Daily Telegraph
Brussels to check US-British 'trade spy network'

By Ambrose Evans-Pritchard

Tuesday 22 February 2000

The European Commission is examining allegations that Britain and America are engaged in economic espionage against EU targets from listening posts in England.

Romano Prodi, commission president, has risked a clash with Downing Street by instructing his staff to follow up a European Parliament report which claims that secret data is passed to the US Commerce Department for use by American firms. The study alleges that Britain and America intercept communications by a joint global network - Echelon. Ricardo Levi, Mr Prodi's spokesman, said: "It is a serious and thorough report and we have to look at it."

The allegations will be aired in public hearings this week in the European Parliament's Committee on Citizens' Freedoms and Rights. Echelon is already under scrutiny in the French courts and in both the Italian and Danish parliaments. "A number of companies have told me that they are worried, especially in the defence sector," said Graham Watson, Liberal-Democrat committee chairman. "They're afraid it's affecting deals when they're bidding against US concerns."

The alleged espionage is said to be orchestrated by the US National Security Agency, a vast eavesdropping network at Fort Meade, Maryland. It operates jointly with Britain's GCHQ through an intelligence alliance dating back to 1947. The American agency's biggest global listening post is at Menwith Hill, Yorkshire, where it operates 250 classified projects. It uses a post at Morwenstow, Cornwall, to intercept satellite signals.

Britain's GCHQ is required by law to intercept foreign communications "in the interests of the economic well-being of the United Kingdom", according to the report. Commercial targets can be picked by the Treasury, the Bank of England, the Joint Intelligence Committee and the Economic Intelligence Committee.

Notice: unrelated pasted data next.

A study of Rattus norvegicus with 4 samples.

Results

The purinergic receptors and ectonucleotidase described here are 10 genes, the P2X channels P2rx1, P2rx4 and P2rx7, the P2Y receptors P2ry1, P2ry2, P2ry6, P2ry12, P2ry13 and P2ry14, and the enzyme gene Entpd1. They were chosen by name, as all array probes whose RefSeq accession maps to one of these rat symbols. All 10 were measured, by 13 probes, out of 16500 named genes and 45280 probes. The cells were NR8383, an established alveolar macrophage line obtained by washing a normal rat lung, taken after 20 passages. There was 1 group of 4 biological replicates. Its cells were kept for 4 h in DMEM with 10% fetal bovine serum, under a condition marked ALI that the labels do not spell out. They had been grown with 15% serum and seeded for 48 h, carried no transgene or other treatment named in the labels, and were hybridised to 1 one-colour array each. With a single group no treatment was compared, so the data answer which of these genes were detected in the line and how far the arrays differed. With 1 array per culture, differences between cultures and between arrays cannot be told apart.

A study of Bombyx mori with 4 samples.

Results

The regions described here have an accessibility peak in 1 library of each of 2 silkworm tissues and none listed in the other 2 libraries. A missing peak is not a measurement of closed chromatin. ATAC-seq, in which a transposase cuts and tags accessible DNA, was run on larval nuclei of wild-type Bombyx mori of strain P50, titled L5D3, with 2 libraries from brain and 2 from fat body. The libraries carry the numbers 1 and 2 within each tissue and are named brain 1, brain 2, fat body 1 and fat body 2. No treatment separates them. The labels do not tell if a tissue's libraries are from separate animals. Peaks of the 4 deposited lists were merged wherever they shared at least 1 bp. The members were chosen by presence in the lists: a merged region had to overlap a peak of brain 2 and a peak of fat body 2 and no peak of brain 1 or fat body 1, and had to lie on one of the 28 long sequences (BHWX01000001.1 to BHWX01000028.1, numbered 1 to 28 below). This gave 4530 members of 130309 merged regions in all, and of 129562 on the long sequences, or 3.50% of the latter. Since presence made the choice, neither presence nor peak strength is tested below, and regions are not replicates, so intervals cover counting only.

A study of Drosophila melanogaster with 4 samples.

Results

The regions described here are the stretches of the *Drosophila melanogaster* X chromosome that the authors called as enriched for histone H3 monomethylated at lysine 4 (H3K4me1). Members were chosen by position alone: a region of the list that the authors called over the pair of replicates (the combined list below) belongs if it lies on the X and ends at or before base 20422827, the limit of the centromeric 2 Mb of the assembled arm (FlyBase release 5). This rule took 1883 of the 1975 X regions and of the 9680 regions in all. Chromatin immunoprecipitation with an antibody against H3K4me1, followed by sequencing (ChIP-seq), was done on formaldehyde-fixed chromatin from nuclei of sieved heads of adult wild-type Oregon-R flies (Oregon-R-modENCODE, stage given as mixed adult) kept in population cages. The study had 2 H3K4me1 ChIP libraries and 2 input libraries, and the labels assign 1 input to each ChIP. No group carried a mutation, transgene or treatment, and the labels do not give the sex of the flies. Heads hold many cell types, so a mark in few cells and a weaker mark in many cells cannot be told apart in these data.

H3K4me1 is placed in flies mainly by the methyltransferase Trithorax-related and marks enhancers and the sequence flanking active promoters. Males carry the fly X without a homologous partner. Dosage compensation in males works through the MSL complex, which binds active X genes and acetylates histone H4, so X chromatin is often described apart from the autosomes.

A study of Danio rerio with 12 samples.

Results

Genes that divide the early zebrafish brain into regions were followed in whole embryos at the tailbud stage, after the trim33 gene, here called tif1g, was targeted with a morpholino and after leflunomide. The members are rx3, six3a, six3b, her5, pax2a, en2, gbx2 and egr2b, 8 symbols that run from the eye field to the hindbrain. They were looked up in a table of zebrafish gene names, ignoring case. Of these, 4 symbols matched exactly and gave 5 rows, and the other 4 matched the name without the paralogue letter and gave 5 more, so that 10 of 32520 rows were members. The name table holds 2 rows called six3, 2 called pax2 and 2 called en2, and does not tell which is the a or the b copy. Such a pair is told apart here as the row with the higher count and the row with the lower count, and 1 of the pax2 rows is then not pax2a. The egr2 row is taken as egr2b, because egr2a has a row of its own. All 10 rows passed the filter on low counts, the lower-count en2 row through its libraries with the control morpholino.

The study for the European Parliament's Scientic and Technical Options Assessment Office was by Duncan Campbell, a Guardian journalist. His role has led to complaints that the allegations are being made to damage the US-British-link. "People are trying to drive a wedge between Britain and the United States," said Timothy Kirkhope, the Tory chief whip in Brussels. "The same is happening with the European defence force, which is undoubtedly going to undermine Nato."

Echelon allegedly blocked a £3.9 billion deal between the European Airbus consortium and the Saudi national airline by alerting the Saudi government that Airbus agents had offered bribes. Boeing and McDonnell Douglas won the contract. The US National Security Agency helped to secure a £840 million contract for Raytheon after alleging that Thomson-CSF of France was bribing Brazilian officials.

The report also claims that France and Germany co-operate to eavesdrop on North and South America.